You guys – Geek Rae had some excitement yesterday in the form of… Squeeeeee…. The new Wonder Woman movie!
To be honest I’ve never watched the old show with Lynda Carter and I haven’t read most of her comics (though I do have an anthology of the war-time comics that I plan to sit and read through in the near future.) But I have always loved her symbolism. I have steadily collected Wonder Woman memorabilia over the years – I have several WW Jammies, slippers… She is represented on our bedspread, I have WW Scrub tops, among, I’m sure, other small items around the house and of course, in my daughter’s room. Now that I have also watched this movie I have new Wonder Woman #fitnessgoals HAHAAnyway, back to the topic at hand: Wonder Woman was created by a man that not only believed in the power of women – a “radical feminist” as I’ve heard him referred to as, but also was a “sexual deviant” as he and his wife were considered at the time – as they engaged in the BDSM lifestyle and as such he put a lot of that symbolism into the original comics – especially in the case of bondage (as Wonder Woman is often bound by her adversaries by ropes and chains… I would expect as well that the Lasso of truth and her arm cuffs were also purposeful.) He was a psychologist and used his understanding of the human psyche to put these images of a strong matriarchal hero as propaganda as an attempt to change our society. You know what? I find this all fascinating, I really do. (If you are further interested, a google search will bring up several articles on these topics in addition to the one below.)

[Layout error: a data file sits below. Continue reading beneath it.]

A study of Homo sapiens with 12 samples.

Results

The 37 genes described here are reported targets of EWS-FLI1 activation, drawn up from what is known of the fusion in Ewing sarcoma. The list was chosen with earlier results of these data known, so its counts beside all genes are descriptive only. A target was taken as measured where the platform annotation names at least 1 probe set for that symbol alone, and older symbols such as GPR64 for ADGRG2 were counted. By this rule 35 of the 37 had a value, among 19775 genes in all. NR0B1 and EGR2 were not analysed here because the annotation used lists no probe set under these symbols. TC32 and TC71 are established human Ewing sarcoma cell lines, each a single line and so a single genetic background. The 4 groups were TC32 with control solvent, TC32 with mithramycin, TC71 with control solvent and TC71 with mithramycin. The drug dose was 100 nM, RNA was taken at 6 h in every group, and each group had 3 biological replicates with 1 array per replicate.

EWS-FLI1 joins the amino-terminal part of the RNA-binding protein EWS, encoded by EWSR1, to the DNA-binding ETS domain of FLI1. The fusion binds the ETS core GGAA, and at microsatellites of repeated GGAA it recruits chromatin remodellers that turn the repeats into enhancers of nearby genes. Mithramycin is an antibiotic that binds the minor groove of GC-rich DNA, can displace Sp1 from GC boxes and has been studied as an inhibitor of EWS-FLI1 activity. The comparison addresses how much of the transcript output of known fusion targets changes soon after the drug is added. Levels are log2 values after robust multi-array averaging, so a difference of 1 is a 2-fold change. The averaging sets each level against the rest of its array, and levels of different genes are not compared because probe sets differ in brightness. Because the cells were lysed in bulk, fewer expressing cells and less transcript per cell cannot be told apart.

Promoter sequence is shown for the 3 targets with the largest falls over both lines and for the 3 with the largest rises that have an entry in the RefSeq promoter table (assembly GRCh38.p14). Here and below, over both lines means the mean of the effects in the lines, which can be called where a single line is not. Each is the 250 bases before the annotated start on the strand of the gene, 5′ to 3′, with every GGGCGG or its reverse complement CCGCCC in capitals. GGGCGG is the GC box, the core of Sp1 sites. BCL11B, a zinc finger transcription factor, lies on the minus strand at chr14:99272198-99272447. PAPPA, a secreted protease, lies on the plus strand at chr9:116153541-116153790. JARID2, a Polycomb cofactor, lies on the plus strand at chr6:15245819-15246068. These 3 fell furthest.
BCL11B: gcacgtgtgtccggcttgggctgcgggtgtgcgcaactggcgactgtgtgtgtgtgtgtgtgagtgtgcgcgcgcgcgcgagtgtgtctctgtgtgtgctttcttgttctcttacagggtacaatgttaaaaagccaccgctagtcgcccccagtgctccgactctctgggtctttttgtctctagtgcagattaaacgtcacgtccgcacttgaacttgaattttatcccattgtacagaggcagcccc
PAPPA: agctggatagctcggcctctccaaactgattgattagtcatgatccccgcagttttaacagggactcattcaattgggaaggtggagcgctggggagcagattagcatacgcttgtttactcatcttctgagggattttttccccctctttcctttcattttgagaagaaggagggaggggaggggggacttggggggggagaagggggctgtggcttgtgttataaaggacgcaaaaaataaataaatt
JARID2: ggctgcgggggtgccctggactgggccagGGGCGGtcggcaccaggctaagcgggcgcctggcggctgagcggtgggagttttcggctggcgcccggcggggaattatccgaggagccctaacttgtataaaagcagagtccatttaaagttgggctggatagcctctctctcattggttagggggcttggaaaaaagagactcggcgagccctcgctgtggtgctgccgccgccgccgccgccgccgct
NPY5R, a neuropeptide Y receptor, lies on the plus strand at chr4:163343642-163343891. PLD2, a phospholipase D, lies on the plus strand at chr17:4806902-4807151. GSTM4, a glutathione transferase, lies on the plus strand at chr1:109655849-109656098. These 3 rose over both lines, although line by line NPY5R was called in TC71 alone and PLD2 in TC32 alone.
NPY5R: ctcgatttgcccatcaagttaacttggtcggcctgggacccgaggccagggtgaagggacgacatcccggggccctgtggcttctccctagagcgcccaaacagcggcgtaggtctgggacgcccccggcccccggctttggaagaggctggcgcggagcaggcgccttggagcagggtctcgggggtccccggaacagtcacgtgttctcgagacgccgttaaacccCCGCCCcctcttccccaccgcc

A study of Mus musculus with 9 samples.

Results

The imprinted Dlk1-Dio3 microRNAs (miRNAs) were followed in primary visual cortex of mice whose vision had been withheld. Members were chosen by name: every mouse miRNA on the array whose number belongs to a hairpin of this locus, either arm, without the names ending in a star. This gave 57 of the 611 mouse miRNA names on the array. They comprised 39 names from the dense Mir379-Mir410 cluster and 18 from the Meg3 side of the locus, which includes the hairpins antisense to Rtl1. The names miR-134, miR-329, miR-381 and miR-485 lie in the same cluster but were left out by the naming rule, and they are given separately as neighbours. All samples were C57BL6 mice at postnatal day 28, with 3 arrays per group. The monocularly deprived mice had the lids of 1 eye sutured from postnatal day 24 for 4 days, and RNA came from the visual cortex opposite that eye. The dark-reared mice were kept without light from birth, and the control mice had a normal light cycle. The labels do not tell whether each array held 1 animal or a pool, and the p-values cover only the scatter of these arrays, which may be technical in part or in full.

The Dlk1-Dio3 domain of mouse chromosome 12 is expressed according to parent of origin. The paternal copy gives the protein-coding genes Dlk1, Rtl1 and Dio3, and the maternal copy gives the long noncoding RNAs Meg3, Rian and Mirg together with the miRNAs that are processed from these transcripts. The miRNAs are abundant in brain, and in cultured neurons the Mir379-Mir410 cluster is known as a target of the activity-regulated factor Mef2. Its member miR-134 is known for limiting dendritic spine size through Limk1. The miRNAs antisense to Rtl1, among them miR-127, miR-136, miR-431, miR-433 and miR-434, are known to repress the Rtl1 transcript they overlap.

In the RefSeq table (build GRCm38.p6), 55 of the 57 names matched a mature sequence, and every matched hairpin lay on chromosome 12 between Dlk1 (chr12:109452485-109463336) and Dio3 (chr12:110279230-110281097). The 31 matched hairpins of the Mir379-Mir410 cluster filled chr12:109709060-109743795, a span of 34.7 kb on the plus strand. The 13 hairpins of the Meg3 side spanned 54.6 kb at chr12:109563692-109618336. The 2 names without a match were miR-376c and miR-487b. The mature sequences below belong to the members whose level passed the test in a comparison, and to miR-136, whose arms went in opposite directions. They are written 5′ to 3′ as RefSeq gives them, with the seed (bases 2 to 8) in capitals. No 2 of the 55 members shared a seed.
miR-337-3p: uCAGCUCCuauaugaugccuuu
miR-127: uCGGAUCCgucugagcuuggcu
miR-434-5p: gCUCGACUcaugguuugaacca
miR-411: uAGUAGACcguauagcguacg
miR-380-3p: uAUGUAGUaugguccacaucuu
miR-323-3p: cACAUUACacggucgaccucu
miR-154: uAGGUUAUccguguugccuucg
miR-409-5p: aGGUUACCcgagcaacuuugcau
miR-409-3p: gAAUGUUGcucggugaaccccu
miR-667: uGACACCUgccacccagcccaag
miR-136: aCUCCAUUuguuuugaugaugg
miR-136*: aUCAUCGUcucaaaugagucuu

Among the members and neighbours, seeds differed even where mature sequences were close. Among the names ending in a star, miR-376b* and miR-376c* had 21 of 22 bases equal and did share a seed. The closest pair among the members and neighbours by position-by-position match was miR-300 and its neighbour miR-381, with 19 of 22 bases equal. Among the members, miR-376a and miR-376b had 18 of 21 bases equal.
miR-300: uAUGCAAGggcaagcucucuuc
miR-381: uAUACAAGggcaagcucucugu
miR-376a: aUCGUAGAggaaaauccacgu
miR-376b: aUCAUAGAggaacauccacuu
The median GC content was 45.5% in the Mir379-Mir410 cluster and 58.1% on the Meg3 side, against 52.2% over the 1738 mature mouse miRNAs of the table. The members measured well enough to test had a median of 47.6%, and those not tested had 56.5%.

Not only do I like the symbolism in the way that I want my daughter growing up with strong female characters to look up to, but I also connect with the idealism that comes with this character. “I will fight, for those who can not fight for themselves.” – This is a quote from the movie that just came out, and a virtue that I hope to instill in both my children (not just my daughter) and as is quoted in this article about William Marston and the origins of Wonder Woman: “In many of the early Wonder Woman comic books, Wonder Woman encourages women to stand up for themselves, learn to fight and be strong enough that they won’t have to either be scared of or depend on men.”
It’s a scary thing to stand up for others, let alone yourself. Even if I met my Wonder Woman fitness goals, it wouldn’t take away the inability to cross a battle field with no fear. Hell, it doesn’t take away the risk of some psychopath slitting your throat when you stand up for a couple of girls of a train as had happened in Portland just recently.
Yet I have always striven to stand up for the little guy. I don’t always succeed, and fear sometimes still gets to me and causes me to be unable to act in time. But I have stood in front of strangers berating children who don’t even speak their language, I have nipped teenagers bullying others in the bud, and I have asked women if they are OK when they seem to be in a precarious situation.
I have striven to stand up for myself more in recent years as well. My long time followers would likely be able to make those connections to the past me in abusive relationships and circumstances to more recent years of taking up martial arts and speaking out more about the perils of toxic relationships…
I am not Wonder Woman, and I know I never truly will be. I try to stand for justice, but I sometimes still let fear overtake me…. And that’s OK too. Fear is there for a reason in most cases.
But even knowing I can never be a true Wonder Woman doesn’t mean I can’t strive to be, or hope my daughter will be as close to Wonder Woman as she can be someday.